Facial expressions are a key asset in our arsenal of communication methods. Without saying a word, we can alert those around us to our emotional state—ranging from elation to sorrow—simply by flexing a few muscles. Such expressions have evolved to help us connect with one another, avoid danger and work together.
Fellow humans, however, are not the only ones potentially tuning in to the information our expressions convey. According to the results of a study published today in Current Biology, dogs have hacked this silent method of communication, at least enough to distinguish between angry and happy facial expressions.
Dogs and humans share a tight evolutionary bond, which is why veterinarian researchers from the University of Vienna decided to focus on these two species for their study. Dogs are already known to be whizzes at reading us. For instance, they can discriminate between familiar and unfamiliar faces even if just part of the face is shown in a photograph. Whether they actually recognize emotions, however, had not been conclusively investigated before.
The Vienna researchers needed to design an airtight experimental setup, free from potential emotional proxies that the canines could use to cheat the test. Dogs might learn, for example, that the presence of teeth corresponds with happy expressions but then wrongly interpret the flash of pearly whites in a snarl or shout.
To bypass any confounding variables, the researchers trained about a dozen pet dogs to distinguish between a neutral, forward-looking face and the back of the same person’s head, using a touch screen that the dogs operated with their nose. If they chose the forward-facing image correctly, they received a small reward.
The team then presented 11 of the trained dogs with images of either sad or happy faces. The team cropped the images into three types: just eyes, just a mouth and just the left side of the face. This way they could be sure the dogs were recognizing the signs of anger or happiness all over the face, not just by spotting a singular clue such as exposed teeth or furrowed eyebrows. Selecting the face with the correct expression earned the dog a treat.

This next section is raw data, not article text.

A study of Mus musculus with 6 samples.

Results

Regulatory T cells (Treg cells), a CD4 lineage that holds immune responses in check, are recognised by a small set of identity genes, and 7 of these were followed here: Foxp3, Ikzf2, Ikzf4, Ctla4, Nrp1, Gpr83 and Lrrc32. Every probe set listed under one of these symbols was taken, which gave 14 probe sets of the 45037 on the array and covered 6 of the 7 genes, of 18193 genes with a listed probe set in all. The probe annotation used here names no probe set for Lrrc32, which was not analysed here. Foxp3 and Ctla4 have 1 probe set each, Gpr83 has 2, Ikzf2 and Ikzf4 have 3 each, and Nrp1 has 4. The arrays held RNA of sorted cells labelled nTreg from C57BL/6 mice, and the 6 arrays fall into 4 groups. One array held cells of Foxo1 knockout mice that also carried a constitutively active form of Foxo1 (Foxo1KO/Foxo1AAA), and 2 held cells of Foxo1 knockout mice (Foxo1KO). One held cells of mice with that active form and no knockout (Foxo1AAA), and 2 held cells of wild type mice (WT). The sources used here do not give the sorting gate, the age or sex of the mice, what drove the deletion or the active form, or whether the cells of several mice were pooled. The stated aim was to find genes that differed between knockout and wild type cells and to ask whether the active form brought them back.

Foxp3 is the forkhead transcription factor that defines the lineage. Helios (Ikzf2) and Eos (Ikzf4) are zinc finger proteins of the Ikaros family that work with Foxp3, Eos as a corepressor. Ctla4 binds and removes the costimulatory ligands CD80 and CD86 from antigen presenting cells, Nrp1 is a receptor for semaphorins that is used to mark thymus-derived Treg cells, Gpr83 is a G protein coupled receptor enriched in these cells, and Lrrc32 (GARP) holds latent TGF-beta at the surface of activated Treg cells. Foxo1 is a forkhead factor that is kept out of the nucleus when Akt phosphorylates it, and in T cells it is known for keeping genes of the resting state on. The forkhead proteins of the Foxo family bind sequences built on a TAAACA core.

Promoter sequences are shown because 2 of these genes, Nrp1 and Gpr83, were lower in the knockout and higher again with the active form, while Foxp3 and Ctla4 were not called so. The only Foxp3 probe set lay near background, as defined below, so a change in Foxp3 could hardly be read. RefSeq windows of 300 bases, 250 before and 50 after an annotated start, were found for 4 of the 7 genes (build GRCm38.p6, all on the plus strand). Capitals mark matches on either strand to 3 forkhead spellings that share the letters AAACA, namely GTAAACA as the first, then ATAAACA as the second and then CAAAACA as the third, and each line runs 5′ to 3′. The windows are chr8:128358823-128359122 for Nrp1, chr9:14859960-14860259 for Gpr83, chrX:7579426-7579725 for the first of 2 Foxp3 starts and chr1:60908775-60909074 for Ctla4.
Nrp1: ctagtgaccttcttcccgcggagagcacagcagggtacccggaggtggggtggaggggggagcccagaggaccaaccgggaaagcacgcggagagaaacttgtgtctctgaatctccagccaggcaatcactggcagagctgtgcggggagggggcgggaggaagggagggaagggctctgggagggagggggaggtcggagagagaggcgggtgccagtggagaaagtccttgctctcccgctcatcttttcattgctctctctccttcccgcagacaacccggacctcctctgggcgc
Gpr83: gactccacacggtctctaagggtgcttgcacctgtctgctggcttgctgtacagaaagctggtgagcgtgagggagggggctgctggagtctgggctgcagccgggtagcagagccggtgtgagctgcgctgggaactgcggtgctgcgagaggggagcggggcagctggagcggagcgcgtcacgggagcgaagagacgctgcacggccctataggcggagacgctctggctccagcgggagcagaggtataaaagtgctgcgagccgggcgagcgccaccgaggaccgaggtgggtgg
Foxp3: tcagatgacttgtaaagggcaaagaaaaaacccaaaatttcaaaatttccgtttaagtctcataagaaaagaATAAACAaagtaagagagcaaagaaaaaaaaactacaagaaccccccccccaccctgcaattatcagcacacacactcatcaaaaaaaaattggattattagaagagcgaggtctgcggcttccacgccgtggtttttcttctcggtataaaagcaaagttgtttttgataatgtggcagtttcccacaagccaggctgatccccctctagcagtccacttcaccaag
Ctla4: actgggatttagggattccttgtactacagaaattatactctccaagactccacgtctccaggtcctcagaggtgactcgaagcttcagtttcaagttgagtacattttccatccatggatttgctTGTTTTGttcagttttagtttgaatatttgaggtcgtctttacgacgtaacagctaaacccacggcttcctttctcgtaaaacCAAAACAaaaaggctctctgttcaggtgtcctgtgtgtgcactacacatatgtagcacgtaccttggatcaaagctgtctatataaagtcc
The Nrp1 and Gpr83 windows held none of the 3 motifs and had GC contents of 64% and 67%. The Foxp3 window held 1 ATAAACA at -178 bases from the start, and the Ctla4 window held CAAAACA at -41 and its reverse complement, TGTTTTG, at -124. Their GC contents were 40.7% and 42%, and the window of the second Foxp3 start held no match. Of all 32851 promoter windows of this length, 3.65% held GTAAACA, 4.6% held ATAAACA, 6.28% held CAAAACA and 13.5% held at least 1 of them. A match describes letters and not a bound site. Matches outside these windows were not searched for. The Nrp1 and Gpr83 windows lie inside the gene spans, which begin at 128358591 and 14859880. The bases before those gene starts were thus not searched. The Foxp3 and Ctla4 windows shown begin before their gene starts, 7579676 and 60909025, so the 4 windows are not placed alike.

After training the dogs with one familiar face, the researchers found that their subjects had little difficulty applying what they learned—the universal signs of human happiness or anger—to photos of faces they had never seen before. The team noted, however, that dogs were slower to correctly select the angry faces, perhaps a sign that the canines could already associate mad-looking expressions with bad outcomes and thus wanted to avoid those faces.
As far as the authors know, this is the first time researchers have shown that one animal species can recognize the emotional state of another (humans recognizing emotions in animals doesn’t count). The team points out, though, that it would come as no surprise if other animals have similar powers of interspecies communication, since the information offered by facial expressions could be handy for survival. A lioness recognizing whether a wildebeest is preparing to angrily charge or to flee just by regarding the squint of its eyes and flare of its nostrils could mean the difference between a mortal injury and dinner.
Before the authors delve into the greater animal kingdom, though, they plan to further explore their canine findings. Experiments with puppies could lend insight into whether facial expression recognition is something dogs learn over their lives or if it's something more innate. And trials with wolves could indicate whether human breeders bestowed emotion recognition in their canine companions via artificial selection, or whether that trait was something dogs’ ancient relatives developed on their own simply by living in the vicinity of humans.
While the initial controlled laboratory findings don’t prove that your dog is watching your every facial move for clues about how you are feeling, they do open up the possibility that dogs are even more empathetic best friends than we thought.